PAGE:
The prostate is located inside the male body, just below the bladder. The urethra, through which all urine passes, goes straight through the prostate. When the prostate grows, which it normally does when men get older, it squeezes the urethra, which can make it hard or even impossible to empty the bladder, or to resits the urge to urinate.
By the age of 50, one in two males experiences prostate enlargement and by the age of 80, this figure reaches about 90%. Why men's prostates become enlarged is uncertain, but the known risk factors are age and functioning testes (testicles that still produce sperm and the male sex hormone testosterone).
Sometimes these emptying problems can lead to a complete stop of urine flow and urinary tract infections that are difficult to treat. The symptoms described above can also be due to other illnesses in the lower urinary system, so you should always consult your doctor before starting any treatment.
You can also find additional information in our enCATHopedia Leaflet.
Because the urethra is being squeezed, your bladder needs to apply higher pressure to get the urine out. This leads to a thickening of the bladder walls, which makes it less flexible and less elastic. This in turn means that the bladder cannot pull itself together as well as it used to, so all the urine inside can't be squeezed out. Residual urine can be the breeding ground for bacteria that lead to urinary tract infections.
There are many treatments for enlarged prostates, depending on the severity of symptoms. In mild cases, your health care provider might opt for a “wait and monitor” approach to see if it improves on its own or requires intervention. For more serious conditions, the options go from medication to shrink the prostate to removal of prostate tissue in surgery.
At any stage, your doctor might recommend symptom relief with periodic or ongoing use of a catheter. This is a good option as it empties the bladder completely - if you catheterise before going to bed, for instance, you won’t have the urge to go in the middle of the night. You’ll also be able to relieve that feeling of having to go but not being able to on your own, in the privacy of your bathroom, quickly and easily. And since you’ll be draining the bladder completely, you won’t have to worry about embarrassing leaks when you’re out and about.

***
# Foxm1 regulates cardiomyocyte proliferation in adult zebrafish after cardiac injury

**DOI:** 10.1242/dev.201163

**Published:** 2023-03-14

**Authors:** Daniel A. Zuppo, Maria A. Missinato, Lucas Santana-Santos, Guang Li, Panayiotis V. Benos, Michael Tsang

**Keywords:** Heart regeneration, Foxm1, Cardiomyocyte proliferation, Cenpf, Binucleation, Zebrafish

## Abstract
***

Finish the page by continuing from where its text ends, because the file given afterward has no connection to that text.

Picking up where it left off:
There are two types of urinary catheters, indwelling catheters and intermittent self catheters (ISC). Indwelling catheters are left for longer periods of time inside the body. They may be suitable under some circumstances, but are not recommended since they are known to cause leakage and complications such as inflammation, urinary tract infections, bladder stones and urethral strictures.
An intermittent catheter is inserted into the urethra only when the bladder needs to be emptied and is removed immediately afterwards. It mimics the natural way of bladder voiding in intervals and continence can be maintained between urinations. Disposable catheters are also often used while waiting for medication to take effect or in anticipation of an operation.
Intermittent catheters can have a very positive effect on quality of life. In particular, they can help improve sex life, as there is no equipment to remove and less worry about leakage, leading to better confidence and spontaneity.
The Prostate Cancer Foundation was established to combat prostate cancer through funding of research.
This website was create by a prostate cancer patient intended to help fellow sufferers with a journal of treatment options, advice and information.
Prostate Cancer UK's mission is to stop men dying from prostate cancer through offering information, support, events and a chance to donate to further research in the field.